Why EdTech Startups Fail In India? Full Case Study

Why EdTech Startups Fail? Full Case Study
Why many startups in the education sector do not survive for long in the marketplace is a lack of transparency and collaboration with teachers.

The educational landscape in India has seen many disruptive changes in the last decade. Educomp was certainly a pioneer in the field and it dominated the market. Though the company ultimately faltered, it certainly inspired many entrepreneurs to try out their luck.

Two sectors which have rapidly grown as a byproduct of e-commerce in India are EdTech and logistics tech. While the latter is rising almost in parallel to eCommerce and crowns 3 unicorns today, EdTech is yet to find its apex.

Some of these startups have also come up with innovative products and have offered innovative solutions. Despite that, most of them are struggling financially and this is not because schools and universities don’t have money to spend, but because the problem lies somewhere else.

Difficult to reach

The market is flooded with many players and everybody is trying to sell something to school management, and it’s practically not possible for them to consider every proposal so they filter out strictly before finalizing the meeting. Therefore, often it happens that startups don’t get approval for face-to-face meetings. So reaching out to customers in itself is a big challenge.

This also limits their ability to reach the relevant persons having the decision-making power. For a startup to succeed it’s important to get a few initial customers who keep them afloat.

Resistant to change

Teachers and school staffs are usually comfortable working traditionally as they find it difficult to adapt to change.

Another thing is that technology awareness and competency are quite low in most schools, and it’s quite difficult to change that attitude. Teachers and school staff are usually comfortable following traditional working and teaching methods. Like anyone else, they too are sceptical of change since they feel uncertain about being able to adapt to the change and keep up with it.

Multiple stakeholders

Schools have multiple stakeholders such as admin staff, principals, teachers, parents and students. So those who are taking the decision, those who evaluate, it and those who use it are all different.

For schools, it’s not always possible to pass the entire cost to students and parents as they won’t be very much willing to share the burden.

Saturated market

The total size of the education sector in India is $100 billion and the schools share is 38 per cent. The size of the market is so lucrative that many players have jumped into the sector with different solutions to address the pain points of schools.
The entry barrier is also low making it a highly competitive sector. Educomp is a big example, Extramarks and other companies have beaten Educomp by offering lower price levels and better service offerings.

According to Inc42, a well-known magazine, “However, though the startups are clear about the ‘differentiation’ they offer, schools are no longer impressed with the differentiation alone. School managements review solutions holistically, including the ability of the team to service their account well. Schools need a comprehensive solution. Not just a great product. Most startups do not recognize this critical difference.”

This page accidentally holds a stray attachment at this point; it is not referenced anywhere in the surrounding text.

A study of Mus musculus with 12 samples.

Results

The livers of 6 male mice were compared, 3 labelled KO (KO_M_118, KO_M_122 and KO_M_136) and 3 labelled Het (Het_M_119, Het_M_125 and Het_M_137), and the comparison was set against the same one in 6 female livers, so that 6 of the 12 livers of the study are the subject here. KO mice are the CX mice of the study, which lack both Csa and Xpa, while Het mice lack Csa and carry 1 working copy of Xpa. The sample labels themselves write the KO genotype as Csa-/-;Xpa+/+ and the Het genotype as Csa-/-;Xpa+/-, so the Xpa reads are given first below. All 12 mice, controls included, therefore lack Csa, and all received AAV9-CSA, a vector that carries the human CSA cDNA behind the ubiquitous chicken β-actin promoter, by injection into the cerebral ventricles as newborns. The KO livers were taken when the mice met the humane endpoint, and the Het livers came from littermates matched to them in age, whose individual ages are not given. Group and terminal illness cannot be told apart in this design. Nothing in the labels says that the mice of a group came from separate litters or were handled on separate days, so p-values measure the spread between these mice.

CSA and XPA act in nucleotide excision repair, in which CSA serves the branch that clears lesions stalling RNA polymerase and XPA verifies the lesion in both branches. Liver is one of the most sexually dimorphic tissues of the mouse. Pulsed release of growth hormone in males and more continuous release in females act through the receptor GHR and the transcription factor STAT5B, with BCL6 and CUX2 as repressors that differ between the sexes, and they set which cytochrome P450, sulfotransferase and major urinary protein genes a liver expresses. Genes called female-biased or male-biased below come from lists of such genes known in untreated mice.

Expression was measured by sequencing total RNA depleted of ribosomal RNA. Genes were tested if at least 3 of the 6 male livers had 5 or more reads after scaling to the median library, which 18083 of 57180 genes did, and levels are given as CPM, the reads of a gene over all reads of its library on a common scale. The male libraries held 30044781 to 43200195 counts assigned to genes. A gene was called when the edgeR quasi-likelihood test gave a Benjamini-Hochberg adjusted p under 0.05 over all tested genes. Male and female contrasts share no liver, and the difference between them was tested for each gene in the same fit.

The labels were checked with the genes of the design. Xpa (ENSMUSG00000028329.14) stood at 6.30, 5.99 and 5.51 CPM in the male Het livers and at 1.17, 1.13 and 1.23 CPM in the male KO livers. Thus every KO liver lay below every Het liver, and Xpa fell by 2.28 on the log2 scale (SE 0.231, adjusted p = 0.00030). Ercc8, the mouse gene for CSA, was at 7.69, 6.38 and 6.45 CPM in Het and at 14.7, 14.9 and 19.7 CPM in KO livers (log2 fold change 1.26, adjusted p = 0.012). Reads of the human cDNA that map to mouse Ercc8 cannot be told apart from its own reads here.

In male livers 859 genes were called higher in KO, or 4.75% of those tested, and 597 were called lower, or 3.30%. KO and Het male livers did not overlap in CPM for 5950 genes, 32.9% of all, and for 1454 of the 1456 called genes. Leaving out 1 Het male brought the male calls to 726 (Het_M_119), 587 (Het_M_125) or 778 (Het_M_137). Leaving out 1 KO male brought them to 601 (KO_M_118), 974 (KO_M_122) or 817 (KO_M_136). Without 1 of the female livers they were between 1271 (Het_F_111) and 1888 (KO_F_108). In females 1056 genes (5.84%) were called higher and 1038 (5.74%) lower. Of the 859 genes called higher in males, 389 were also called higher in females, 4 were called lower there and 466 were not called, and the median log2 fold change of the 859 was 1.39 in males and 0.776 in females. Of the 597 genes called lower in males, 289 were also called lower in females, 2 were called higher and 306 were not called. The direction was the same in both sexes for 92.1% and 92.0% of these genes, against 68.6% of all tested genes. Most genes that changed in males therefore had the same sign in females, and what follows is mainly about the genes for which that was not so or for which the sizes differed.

No validation

This is not an edtech-specific issue, but common to all startups. Customers want validation of their claims, but they don’t have anything to substantiate their claims.

Low propensity to spend money Unless the startup has an extraordinarily strong value proposition, getting schools signing on.

The solution is not easy

Startups should work hard to get validation from customers from start. It will help convince their customers that the promised value can be delivered. Contact those partners who have already relationships with schools. For example, you can contact some publishers whose books are sold in schools. Also, keep them engaged about your offerings through regular updates

Once you gain a certain level of clientele in the market, schools are more open to meetings. You can present them with a case study about how your solution improved the school’s pain point. Sharing testimonials can also be a good way to earn early trust.

Just being pushy salesman approach won’t help; try to forge a lasting relationship. Schools should think that you are there to provide them with lasting solutions. You are there as a successful partner. Focus on improving services and sales support.

Additionally, the education sector is fast evolving, but the resistance level is also very high. So you will need to convince every stakeholder in the process.

What will happen?

Why EdTech Startups Fail? Full Case Study
Educational companies built around driving down costs to the end consumer will scale.

According to Avichal, a PrepMe founder, says:

“Those Educational companies that focus on delivering higher quality solutions to consumers will not scale to the mainstream. Educational companies built around driving down costs to the end consumer will scale.”

Education is not like e-commerce or any other type of hyper-local business, it’s a long-term business. So going fast growth or hyper-growth phase is something not advisable.

The behaviour of every stakeholder is different and is driven by their circumstances. Parents prefer quality but cheap education and educational institutions like to sell products that help them make 5x-10x earnings on investment. Therefore, startups should work out their revenue models properly taking into account the requirements and psychology of different startups.